Ian Austin: Russian human rights abusers are being protected by 'thuggish' Putin
A Black Country MP’s bid for a new law banning Russian human rights abusers from entering the UK has passed its first hurdle in the House of Commons.
Ian Austin introduced a 10-minute rule bill to give the Home Secretary new powers to refuse the right of entry to any non-EEA national who is known to have violated civil rights laws.
The Labour MP for Dudley North asked MPs to recognise the fate of lawyer Sergei Magnitsky, who was beaten to death in a Russian prison eight years ago, and the battle that his friend and former employer Bill Browder has waged to expose his murderers. On its first reading, Mr Austin’s Human Rights Abuse and Corruption Bill – dubbed the Magnitsky bill – was passed unanimously after receiving widespread cross-party support.
Mr Austin said he wants to see sanctions introduced for people found guilty of corruption and human rights abuses, including visa bans.
Mr Magnitsky was an accountant and lawyer who was arrested and detained in squalid, often freezing prisons, tortured and denied medical attention.
After a year, on November 16, 2009, he was allegedly beaten by eight riot guards with batons as he was chained to a bed. He died from his injuries, at the age of 37, leaving a wife and two children.
He was said to have been targeted because he had exposed a $230 million tax fraud involving senior Russian government officials. The money was corporate tax paid by the London-based fund, Hermitage Capital Management, run by Mr Browder, who was the biggest foreign investor in post-communist Russia.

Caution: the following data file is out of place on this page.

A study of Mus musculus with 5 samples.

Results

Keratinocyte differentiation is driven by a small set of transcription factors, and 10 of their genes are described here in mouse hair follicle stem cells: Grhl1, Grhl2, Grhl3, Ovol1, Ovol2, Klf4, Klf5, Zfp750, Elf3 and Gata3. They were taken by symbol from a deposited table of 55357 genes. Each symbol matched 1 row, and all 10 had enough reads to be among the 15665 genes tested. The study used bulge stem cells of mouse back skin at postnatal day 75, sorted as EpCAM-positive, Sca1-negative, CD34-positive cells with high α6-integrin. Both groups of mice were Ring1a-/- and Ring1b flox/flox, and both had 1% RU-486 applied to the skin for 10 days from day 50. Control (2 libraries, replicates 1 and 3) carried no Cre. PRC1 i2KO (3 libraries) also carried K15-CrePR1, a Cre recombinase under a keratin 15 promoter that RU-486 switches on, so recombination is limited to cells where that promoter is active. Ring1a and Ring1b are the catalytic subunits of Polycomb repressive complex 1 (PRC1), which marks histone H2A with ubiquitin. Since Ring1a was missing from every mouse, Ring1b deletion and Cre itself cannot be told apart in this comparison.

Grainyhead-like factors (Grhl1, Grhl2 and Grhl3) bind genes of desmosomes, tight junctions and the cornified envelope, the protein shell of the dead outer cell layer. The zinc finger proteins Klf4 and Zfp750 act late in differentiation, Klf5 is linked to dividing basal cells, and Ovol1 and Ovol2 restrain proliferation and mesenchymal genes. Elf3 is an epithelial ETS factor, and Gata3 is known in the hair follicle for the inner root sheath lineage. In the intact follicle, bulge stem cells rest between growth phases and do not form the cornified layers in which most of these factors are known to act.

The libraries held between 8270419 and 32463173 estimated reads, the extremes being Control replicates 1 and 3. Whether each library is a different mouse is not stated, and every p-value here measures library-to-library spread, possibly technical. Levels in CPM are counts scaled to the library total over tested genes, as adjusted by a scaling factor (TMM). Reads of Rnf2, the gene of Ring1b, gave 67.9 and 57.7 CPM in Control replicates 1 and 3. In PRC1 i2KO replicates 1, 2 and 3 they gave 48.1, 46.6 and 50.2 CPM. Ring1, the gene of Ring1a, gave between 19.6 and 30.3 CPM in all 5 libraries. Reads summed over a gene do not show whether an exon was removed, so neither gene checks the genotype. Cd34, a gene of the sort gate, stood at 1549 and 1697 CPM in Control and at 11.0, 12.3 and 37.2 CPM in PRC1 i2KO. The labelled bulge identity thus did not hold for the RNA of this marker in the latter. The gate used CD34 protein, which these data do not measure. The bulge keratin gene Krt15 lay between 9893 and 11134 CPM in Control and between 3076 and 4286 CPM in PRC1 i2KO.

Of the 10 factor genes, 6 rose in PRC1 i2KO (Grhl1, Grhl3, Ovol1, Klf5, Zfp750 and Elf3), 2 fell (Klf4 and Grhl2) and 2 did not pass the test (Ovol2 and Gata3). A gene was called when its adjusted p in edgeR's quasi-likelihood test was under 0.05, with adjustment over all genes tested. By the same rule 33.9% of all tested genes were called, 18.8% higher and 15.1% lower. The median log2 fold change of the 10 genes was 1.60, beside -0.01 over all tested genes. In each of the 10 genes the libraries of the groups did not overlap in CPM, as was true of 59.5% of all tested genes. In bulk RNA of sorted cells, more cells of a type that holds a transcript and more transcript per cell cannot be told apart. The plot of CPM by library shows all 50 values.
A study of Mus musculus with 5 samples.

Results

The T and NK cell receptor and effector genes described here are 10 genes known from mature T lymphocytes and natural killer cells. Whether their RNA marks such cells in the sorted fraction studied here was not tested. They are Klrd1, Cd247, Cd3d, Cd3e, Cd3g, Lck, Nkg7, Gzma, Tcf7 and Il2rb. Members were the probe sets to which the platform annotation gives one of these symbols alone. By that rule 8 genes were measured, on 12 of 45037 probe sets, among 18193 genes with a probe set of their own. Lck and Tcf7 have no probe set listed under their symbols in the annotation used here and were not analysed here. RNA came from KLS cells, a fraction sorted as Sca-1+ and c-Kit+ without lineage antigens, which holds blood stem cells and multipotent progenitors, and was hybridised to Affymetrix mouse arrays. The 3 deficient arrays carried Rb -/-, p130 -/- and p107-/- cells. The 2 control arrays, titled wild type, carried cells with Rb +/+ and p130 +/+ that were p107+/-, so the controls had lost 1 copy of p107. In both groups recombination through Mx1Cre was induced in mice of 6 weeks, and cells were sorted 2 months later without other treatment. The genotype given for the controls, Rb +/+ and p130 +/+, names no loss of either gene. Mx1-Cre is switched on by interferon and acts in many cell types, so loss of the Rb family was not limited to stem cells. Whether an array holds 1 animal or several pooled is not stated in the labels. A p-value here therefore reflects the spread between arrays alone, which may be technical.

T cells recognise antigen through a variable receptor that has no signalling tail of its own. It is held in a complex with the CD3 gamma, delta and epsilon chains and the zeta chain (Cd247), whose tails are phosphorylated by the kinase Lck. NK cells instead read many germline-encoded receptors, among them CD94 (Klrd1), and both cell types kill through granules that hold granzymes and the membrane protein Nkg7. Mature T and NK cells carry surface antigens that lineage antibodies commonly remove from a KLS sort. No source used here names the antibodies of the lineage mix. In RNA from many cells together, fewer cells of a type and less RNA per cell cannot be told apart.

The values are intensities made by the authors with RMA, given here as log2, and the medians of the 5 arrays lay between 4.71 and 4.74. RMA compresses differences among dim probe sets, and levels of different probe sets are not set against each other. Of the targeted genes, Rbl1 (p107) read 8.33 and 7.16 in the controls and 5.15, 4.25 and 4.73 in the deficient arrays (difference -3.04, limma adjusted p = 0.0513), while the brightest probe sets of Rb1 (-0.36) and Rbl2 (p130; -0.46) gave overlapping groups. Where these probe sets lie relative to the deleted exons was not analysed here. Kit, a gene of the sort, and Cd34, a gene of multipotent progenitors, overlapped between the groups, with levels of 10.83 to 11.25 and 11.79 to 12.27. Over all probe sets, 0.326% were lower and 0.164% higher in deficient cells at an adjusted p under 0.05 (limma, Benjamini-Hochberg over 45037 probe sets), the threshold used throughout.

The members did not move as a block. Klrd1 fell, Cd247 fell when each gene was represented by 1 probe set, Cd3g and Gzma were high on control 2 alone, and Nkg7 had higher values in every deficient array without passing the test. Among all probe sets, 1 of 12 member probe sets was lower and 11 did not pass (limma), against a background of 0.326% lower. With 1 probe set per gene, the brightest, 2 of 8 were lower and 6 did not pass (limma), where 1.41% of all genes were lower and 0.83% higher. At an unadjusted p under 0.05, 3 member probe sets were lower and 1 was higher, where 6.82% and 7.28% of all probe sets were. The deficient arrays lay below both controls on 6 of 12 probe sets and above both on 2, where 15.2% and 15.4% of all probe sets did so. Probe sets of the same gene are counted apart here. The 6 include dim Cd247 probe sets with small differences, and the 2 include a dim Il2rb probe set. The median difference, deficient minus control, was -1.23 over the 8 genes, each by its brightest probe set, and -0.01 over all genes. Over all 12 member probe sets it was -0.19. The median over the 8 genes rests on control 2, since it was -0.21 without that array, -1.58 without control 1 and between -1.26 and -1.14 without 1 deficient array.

The United States, Canada, Estonia and Lithuania have all passed legislation imposing visa bans and asset freezes on those people who were responsible for Mr Magnitsky’s fate, and also on those who are responsible for similar abuses of human rights and acts of corruption elsewhere.
Last year Conservative Dominic Raab introduced a Magnitsky amendment to the Criminal Finances Bill, which was passed with cross-party support earlier this year.
Mr Austin said: “But there is no legislation that deals with visa bans for human rights violators and so far no assets have been frozen, so my proposals would go much further and give the Government powers to sanction individuals who were found guilty of corruption and human rights abuse with visa bans, asset freezes, and public placement on a list of banned foreign criminals.
“The gang who had Magnitsky murdered are beyond the reach of justice while they enjoy the protection of Russia’s thuggish President.
“We in the west cannot call them to account, but we can stop his murderers and other of their kind from coming to the UK or spending their gains here."
The next reading of the Bill is set for February.